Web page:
On a tile roof when you look between the decking amd see a shiny reflective surface, is that (or does that count as) SWR?
If it a Self-adhering polymer modified-bitumen roofing underlayment applied directly to the sheathing or foam adhesive SWR barrier (not foamed-on insulation) applied as a supplemental means to protect the dwelling from water intrusion in the event of roof covering loss.
That is the biggest change, I do not believe has been made to the wind mit class. After some discussion at a large insurance carrier, they decided it would be acceptable to have an SWR under tile and classify it as a secondary.
I think most places at least Dade and Broward make them put down tar paper and tin tages then stick it to that and that is a waste if you ask me.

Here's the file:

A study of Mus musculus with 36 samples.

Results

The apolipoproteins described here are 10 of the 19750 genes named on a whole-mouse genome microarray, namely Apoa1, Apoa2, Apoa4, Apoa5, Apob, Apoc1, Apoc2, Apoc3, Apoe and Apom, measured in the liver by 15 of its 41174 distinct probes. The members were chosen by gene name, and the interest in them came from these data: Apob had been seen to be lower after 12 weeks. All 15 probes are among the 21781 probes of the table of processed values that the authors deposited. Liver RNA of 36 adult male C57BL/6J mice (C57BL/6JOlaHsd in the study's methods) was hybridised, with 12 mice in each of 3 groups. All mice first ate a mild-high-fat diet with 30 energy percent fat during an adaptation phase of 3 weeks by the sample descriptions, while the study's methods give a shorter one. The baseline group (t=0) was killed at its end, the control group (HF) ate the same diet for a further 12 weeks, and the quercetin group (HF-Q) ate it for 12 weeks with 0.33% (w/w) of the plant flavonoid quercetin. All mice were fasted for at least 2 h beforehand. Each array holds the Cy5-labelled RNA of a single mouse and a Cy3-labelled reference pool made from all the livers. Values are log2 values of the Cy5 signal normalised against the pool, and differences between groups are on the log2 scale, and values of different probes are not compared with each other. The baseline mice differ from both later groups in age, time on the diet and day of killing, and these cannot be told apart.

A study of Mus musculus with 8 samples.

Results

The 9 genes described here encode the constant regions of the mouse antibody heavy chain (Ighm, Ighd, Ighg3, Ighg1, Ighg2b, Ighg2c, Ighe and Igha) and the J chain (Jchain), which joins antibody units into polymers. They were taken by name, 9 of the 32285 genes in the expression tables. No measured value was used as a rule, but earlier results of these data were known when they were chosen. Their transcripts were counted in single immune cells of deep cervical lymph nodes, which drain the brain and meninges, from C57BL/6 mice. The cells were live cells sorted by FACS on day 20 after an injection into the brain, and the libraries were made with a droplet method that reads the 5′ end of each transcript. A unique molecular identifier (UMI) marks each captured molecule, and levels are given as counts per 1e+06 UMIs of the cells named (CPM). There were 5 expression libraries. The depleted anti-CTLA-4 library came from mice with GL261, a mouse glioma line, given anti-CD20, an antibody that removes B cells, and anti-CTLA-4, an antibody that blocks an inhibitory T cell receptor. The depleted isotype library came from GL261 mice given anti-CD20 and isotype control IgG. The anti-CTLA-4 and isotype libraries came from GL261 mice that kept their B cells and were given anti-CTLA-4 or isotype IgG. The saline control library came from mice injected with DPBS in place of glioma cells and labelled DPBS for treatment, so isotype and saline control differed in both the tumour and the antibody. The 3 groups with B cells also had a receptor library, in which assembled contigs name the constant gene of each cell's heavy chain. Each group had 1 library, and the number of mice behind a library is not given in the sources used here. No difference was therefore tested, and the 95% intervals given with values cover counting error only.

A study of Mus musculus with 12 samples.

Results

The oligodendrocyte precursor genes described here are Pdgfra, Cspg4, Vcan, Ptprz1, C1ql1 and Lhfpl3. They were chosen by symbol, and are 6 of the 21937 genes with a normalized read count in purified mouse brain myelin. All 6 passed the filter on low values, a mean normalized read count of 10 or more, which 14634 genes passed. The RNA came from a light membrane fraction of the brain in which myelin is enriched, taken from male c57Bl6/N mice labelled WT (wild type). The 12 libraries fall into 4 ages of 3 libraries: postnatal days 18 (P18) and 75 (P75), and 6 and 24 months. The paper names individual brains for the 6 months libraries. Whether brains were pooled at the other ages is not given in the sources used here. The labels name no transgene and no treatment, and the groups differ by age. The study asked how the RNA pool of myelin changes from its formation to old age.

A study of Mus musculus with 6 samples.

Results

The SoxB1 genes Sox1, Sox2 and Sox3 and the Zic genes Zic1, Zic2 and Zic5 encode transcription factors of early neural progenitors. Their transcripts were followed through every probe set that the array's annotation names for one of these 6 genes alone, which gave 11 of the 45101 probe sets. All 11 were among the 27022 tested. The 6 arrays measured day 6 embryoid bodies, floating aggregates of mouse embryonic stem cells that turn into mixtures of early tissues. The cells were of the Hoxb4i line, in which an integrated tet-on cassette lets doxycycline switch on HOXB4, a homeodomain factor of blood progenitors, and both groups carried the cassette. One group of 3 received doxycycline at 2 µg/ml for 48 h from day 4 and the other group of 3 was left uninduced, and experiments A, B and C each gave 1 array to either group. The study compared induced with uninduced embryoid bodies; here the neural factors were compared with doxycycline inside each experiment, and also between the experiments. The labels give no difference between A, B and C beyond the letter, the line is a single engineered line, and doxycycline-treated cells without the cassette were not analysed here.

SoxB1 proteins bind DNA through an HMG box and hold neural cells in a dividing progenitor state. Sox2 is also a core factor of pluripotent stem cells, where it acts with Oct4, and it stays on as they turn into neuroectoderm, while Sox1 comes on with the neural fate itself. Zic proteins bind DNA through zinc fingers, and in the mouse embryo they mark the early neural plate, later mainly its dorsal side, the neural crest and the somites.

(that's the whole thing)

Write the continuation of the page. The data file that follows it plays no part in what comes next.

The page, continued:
And will it appear to be an even surface in all cases? I looked between the decking on a tile roof and there was a sticky, glossy surface but it appeared to have brush marks. I know was regular peel & stick looks like but this had irregular patterns in it.
Rules may be different where you are I do not know.
Grace mfg rep told me that they would not warranty their membrane or the ice and water shield…even if the strips are under the first layer of tar paper due to the hot tar application.
I haven’t seen a roofer use a hot tar kettle in ages for a sloped roof. But, you are right, can’t use PnS under a hot mopped roof. Most newer tile roofs will have a self-adhered waterproof membrane (sometimes 2ply). In the HVHZ, they put the PnS over the mechanically fastened base. This would not qualify for SWR on the 1802.